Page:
There are a lot of problems in the country and the world. We tend to focus on the proximate cause of these problems such as dysfunction in Washington. Yet, we would say that to a surprising extent our problems are caused or exacerbated by a facile way of thinking that makes many people believe things that may not be so.
This came to mind a little while ago as we were running through McCarran Airport in Las Vegas on our way to present the Keynote for the Annual Meeting of Agribusiness and Produce Marketing Scholars.
The airport restrooms have signs announcing that the airport is going green, and part of this campaign is an effort to encourage people to use electronic hot air hand dryers as opposed to paper towels. The restrooms are filled with signs urging people to do this on the grounds that this will “save a tree” — and, after all, who could be opposed to that?
One question, of course, is whether saving a tree is actually sufficient reason to do this. We would need to measure the benefits of saving a tree versus the costs — social, economic, environmental, etc. — of producing electricity to power these hand dryers.
One also supposes there may well be a “cost” on the general populous in that the electric hand dryers may do a worse job at hand-drying. So it may take more time to dry one’s hands with hot air or there may be a wait as the hand-drying machines only do one set of hands at a time whereas many people can simultaneously dry their hands after quickly pulling a paper towel from a dispenser.
The very fact that they have to make an appeal on environmental grounds implies that people typically find paper towels more effective at hand-drying. Yet, even if we put all this aside and simply focus on the claim – that utilizing electric hand dryers rather than paper towels will save a tree — it is easy to see that, as the song says, it ain’t necessarily so.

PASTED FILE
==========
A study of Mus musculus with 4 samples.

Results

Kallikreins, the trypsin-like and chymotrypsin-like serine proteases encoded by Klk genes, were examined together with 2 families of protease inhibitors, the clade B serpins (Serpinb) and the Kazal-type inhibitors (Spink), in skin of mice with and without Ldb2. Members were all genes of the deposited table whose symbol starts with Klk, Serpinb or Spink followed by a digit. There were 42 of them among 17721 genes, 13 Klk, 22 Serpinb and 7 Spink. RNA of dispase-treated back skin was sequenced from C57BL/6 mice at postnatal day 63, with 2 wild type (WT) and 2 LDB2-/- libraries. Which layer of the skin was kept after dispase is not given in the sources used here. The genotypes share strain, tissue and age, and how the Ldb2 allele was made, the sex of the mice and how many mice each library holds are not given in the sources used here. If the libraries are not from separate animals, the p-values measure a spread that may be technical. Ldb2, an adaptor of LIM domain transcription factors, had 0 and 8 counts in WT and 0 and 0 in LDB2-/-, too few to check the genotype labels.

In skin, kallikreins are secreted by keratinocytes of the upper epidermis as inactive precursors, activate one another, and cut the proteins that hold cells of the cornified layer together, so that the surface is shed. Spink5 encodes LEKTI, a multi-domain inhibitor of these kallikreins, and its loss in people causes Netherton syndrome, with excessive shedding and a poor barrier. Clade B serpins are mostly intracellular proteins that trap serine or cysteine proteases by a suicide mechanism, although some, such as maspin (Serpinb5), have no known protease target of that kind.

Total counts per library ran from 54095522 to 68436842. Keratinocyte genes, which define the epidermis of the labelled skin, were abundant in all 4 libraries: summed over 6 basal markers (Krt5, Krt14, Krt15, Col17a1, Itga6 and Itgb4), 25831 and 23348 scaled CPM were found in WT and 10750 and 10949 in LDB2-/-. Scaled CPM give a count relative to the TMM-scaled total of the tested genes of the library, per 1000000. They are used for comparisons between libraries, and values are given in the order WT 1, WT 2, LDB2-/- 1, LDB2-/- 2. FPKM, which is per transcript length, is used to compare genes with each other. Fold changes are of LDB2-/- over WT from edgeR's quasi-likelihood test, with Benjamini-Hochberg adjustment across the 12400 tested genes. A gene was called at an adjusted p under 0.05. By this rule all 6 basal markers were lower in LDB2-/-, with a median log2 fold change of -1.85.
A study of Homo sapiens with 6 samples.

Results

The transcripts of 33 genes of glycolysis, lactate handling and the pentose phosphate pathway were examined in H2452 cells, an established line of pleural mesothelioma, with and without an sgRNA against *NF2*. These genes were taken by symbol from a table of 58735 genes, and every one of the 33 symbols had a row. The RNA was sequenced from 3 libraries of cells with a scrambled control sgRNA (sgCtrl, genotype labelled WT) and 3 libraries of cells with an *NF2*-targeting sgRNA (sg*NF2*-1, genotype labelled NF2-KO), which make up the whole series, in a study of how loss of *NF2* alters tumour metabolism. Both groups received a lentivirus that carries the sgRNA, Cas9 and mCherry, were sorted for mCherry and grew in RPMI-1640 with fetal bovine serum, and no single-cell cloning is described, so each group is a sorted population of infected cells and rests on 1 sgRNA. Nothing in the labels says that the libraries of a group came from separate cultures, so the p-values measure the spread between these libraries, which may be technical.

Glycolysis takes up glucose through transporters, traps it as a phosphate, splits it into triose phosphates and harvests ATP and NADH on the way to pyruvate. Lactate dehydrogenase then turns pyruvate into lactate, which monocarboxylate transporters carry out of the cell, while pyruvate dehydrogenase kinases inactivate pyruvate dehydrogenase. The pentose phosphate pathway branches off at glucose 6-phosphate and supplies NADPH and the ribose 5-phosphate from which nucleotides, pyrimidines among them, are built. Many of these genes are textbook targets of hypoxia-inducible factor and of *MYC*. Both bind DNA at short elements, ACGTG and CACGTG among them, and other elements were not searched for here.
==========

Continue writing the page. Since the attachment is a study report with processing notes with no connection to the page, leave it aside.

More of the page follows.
In the literal sense, sure, paper comes from trees, so if we don’t use paper, we don’t chop down a tree. But surely the relevant question is whether there will be more or fewer trees in the world if we don’t use paper towels. And this question does not necessarily get answered in a way in line with “save a tree” sloganeering.
After all, if nobody bought apples, would there be more or fewer apple trees in the world? Since nobody would have a reason to plant or cultivate them, it is highly likely there would be fewer.
Equally, paper companies don’t send people out with axes to find some random trees. These companies plant and tend to billions of trees. As long as there is a business of planting trees, harvesting them and selling the products from the trees, they will keep planting and tending.
The day we all stop using paper products, these companies will have no business and so will stop planting and tending trees. Land that is currently used for forests will be sold for other uses that provide a better economic return.
We have seen this dynamic in other situations. For example, it is now accepted that if we want to preserve an animal population in a specific region, it is essential to make sure that the animals produce an income for the local population — this can be through tourism, controlled hunting, etc. The point is that if the population can make a living by having animals around, they will have an incentive to keep the animal population vibrant. If you just tell poor people to protect the animals, they will see them as hindrances, destroying crops and occupying land that could support the local people.
It is easy to think that what the airport puts in signage in its restrooms doesn’t really matter, but when a public entity is careless with the truth, it encourages a kind of mindset in which sloganeering replaces thinking. The outcome of that just can’t be very good.